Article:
From Paris: Le Monde reports that Maurice Papon was buried on Wednesday with his Légion d'honneur medal, despite widespread opposition. Papon was responsible for the deportation of 1,690 French Jews to Auschwitz during World War II and the mass killing of Algerian demonstrators in Paris in 1961 when he was chief of the Paris police. Libération's story is headlined: "Papon, outside the law even in the tomb."
The Kouchner law
France has its "loi Kouchner," which allows for the early release of prisoners for humanitarian reasons, but what about the U.S.? Executive clemency is our rough equivalent, though it provides no real criteria for deciding whether to release aged or critically-ill prisoners. For example, Oregon's clemency law (ORS 144.649) simply states: "Upon such conditions and with such restrictions and limitations as the Governor thinks proper, the Governor may grant reprieves, commutations and pardons, after convictions, for all crimes and may remit, after judgment therefor, all penalties and forfeitures." Interestingly enough, Oregon law (ORS 144.787) also states that the "youth, advanced age or physical disability" of the victim may be considered an "aggravating circumstance" that can justify a harsher sentence. But the "youth, advanced age or physical disability" of the defendant isn't recognized as a "mitigating circumstance" that could result in a reduced sentence.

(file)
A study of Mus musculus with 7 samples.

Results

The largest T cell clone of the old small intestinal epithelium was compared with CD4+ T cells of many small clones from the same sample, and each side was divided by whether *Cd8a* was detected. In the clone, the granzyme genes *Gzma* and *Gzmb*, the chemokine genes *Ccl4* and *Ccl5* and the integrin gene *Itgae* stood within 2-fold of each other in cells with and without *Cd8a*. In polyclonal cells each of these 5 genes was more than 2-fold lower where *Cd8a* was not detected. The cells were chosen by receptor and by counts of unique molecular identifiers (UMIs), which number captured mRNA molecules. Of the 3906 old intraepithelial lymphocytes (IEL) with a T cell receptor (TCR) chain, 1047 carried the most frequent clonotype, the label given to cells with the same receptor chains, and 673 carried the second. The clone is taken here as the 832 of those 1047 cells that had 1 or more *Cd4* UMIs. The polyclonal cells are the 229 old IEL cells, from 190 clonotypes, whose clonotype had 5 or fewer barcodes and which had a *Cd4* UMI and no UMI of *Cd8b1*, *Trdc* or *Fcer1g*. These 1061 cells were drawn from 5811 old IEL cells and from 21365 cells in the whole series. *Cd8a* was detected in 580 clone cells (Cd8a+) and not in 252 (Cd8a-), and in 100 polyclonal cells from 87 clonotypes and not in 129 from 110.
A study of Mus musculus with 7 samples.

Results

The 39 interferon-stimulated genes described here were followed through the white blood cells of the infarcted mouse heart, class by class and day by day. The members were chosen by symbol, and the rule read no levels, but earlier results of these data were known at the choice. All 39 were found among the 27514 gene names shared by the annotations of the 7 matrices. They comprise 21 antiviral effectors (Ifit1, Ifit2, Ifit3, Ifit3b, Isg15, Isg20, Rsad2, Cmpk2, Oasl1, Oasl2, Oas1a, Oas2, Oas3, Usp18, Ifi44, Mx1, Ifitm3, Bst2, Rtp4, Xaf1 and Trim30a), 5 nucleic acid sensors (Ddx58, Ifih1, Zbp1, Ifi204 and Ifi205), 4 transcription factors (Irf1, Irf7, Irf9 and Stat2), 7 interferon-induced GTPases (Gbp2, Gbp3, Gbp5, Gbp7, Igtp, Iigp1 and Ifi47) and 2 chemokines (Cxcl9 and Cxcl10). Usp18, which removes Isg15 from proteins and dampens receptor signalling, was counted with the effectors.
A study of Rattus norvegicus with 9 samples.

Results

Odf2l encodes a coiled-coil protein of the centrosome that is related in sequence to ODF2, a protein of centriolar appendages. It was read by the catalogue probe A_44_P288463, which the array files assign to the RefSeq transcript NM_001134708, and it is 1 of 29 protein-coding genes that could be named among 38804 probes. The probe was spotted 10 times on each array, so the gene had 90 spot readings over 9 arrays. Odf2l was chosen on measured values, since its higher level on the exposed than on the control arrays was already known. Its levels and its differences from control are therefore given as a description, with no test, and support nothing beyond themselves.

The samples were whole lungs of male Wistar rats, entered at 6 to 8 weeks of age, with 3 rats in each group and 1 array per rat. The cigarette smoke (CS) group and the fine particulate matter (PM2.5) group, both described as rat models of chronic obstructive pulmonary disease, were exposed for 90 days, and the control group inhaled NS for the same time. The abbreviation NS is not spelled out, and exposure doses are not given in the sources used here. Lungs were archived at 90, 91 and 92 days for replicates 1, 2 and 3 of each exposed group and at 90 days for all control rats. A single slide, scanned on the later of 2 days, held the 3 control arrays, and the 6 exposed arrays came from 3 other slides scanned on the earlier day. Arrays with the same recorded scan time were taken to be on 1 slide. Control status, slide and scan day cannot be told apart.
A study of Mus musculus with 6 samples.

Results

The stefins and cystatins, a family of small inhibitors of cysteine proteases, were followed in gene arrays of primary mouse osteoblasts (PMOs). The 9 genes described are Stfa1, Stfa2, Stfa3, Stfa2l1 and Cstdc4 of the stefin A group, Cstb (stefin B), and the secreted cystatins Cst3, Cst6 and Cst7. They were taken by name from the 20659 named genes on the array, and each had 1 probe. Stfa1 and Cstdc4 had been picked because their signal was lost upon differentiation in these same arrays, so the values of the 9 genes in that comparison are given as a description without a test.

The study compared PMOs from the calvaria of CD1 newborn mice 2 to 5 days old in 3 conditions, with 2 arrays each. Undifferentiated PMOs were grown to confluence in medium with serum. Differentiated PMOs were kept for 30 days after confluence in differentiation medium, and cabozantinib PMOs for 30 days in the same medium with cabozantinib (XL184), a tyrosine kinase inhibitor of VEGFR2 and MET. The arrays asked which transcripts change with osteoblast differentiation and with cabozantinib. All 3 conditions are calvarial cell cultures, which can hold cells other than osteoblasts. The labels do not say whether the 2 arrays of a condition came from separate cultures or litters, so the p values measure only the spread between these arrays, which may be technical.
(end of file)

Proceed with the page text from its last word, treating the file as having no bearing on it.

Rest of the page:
State clemency boards are unlikely to recommend clemency without a "compelling justification" or a showing of "extraordinary circumstances."
On the federal level, the power of granting pardons and reprieves is granted to the president under Article II, Section 2, of the Constitution, "except in cases of impeachment" (1). During the last thirty years, about 10% of the 600 applications for pardons have been approved.
Road rage revisited
The irate driver who threw a cup of McDonald's soda into another car had her sentence reduced by a Virginia judge from two years in prison to probation. She has been in jail since January 4th but will be released as soon as she clears a warrant from a Mississippi court on an unrelated matter. (Maybe, for now, this result will rein in the endless variations on "McDonald's"—like "McMissile," "McWoman," "McJail" and "McProbation"—that seem to amuse the media every time the company makes the news.)
(1) Though the House Judiciary Committee voted in favor of impeachment, Richard Nixon was never formally impeached (or tried) on the House floor.